How is one not mesmerized by the beauty of this village in all of its medieval splendor? Saint-Emilion is full of steep, winding streets and shaded squares, full of invitations to wander and discover.
This village is rich with spectacular and varied religious buildings, opulent manors and a legacy of military architecture, all vestiges of the village’s spiritual, commercial and agricultural history. The ocher limestone and red tile roofs give the city a delicious harmony, even more sublime at sunset.
The site owes its selection as a cultural landscape first and foremost to the limestone. In addition to its importance in the quality of the wine, the rock was used to construct city buildings, and those of the entire Jurisdiction over the centuries: houses, walls, churches, monasteries and estates. The exploitation and trade of this mineral rock ran for ten centuries, from the 10th to the 19th century. The architect Victor Louis even used it to build the famous Grand Théâtre in Bordeaux. But more surprisingly, the quarry itself is located in the bowels of the rocky promontory on which the city is built. Two hundred kilometers of underground tunnels (sometimes several levels) snake under your feet. These underground tunnels served as a means of circulation in the Middle Ages, and especially during the Hundred Years’ War. The nobles of the city are buried there. And it is also here that the largest monolithic church in Europe city was excavated.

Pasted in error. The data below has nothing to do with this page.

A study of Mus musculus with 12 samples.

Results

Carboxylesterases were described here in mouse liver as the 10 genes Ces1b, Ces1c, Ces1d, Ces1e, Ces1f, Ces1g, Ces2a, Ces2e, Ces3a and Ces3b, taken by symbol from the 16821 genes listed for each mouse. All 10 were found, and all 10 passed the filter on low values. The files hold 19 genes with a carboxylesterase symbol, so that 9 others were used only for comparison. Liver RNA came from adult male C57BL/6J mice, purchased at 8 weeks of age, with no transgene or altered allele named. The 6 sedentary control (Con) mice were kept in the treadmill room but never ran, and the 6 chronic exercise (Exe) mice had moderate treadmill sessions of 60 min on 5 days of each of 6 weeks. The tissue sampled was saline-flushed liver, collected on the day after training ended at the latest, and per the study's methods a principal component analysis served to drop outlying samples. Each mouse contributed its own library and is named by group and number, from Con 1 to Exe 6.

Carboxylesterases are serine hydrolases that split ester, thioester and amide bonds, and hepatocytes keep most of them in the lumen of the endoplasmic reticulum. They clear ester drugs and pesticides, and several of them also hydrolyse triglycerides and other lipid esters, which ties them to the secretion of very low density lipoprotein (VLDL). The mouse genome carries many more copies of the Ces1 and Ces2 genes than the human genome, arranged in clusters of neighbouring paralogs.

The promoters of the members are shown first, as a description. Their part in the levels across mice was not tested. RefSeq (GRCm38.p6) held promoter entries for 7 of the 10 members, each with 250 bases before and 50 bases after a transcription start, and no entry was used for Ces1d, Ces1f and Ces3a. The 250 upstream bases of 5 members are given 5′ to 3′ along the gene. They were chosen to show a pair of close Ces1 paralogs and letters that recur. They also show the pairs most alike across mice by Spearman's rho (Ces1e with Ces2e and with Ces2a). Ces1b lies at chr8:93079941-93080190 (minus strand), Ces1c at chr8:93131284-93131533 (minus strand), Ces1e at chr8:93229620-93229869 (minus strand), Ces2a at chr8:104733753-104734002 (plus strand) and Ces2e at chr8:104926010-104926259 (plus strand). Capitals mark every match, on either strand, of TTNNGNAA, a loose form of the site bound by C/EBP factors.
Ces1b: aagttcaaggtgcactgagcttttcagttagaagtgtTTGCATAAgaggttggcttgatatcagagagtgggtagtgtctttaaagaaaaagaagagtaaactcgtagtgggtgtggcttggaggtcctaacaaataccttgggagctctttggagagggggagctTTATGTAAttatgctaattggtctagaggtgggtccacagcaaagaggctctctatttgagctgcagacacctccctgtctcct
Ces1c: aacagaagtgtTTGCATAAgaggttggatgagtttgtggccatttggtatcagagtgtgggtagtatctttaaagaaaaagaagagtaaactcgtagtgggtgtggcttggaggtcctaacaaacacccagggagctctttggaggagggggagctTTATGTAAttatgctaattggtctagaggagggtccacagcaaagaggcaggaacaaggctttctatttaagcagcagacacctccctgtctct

People of note from the area
The Gaudet family, an old, prominent family from Saint Emilion, included Elie Gaudet, who was a member of the "Gironde" party (see "Bordeaux - Port of the Moon") and Joseph Gaudet, who was a historian.
A tasty tradition that continues …
Macarons! This delicious specialty was transmitted from generation to generation. Its recipe dates back to 1620 when the Ursuline Sisters established their convent in Saint-Emilion.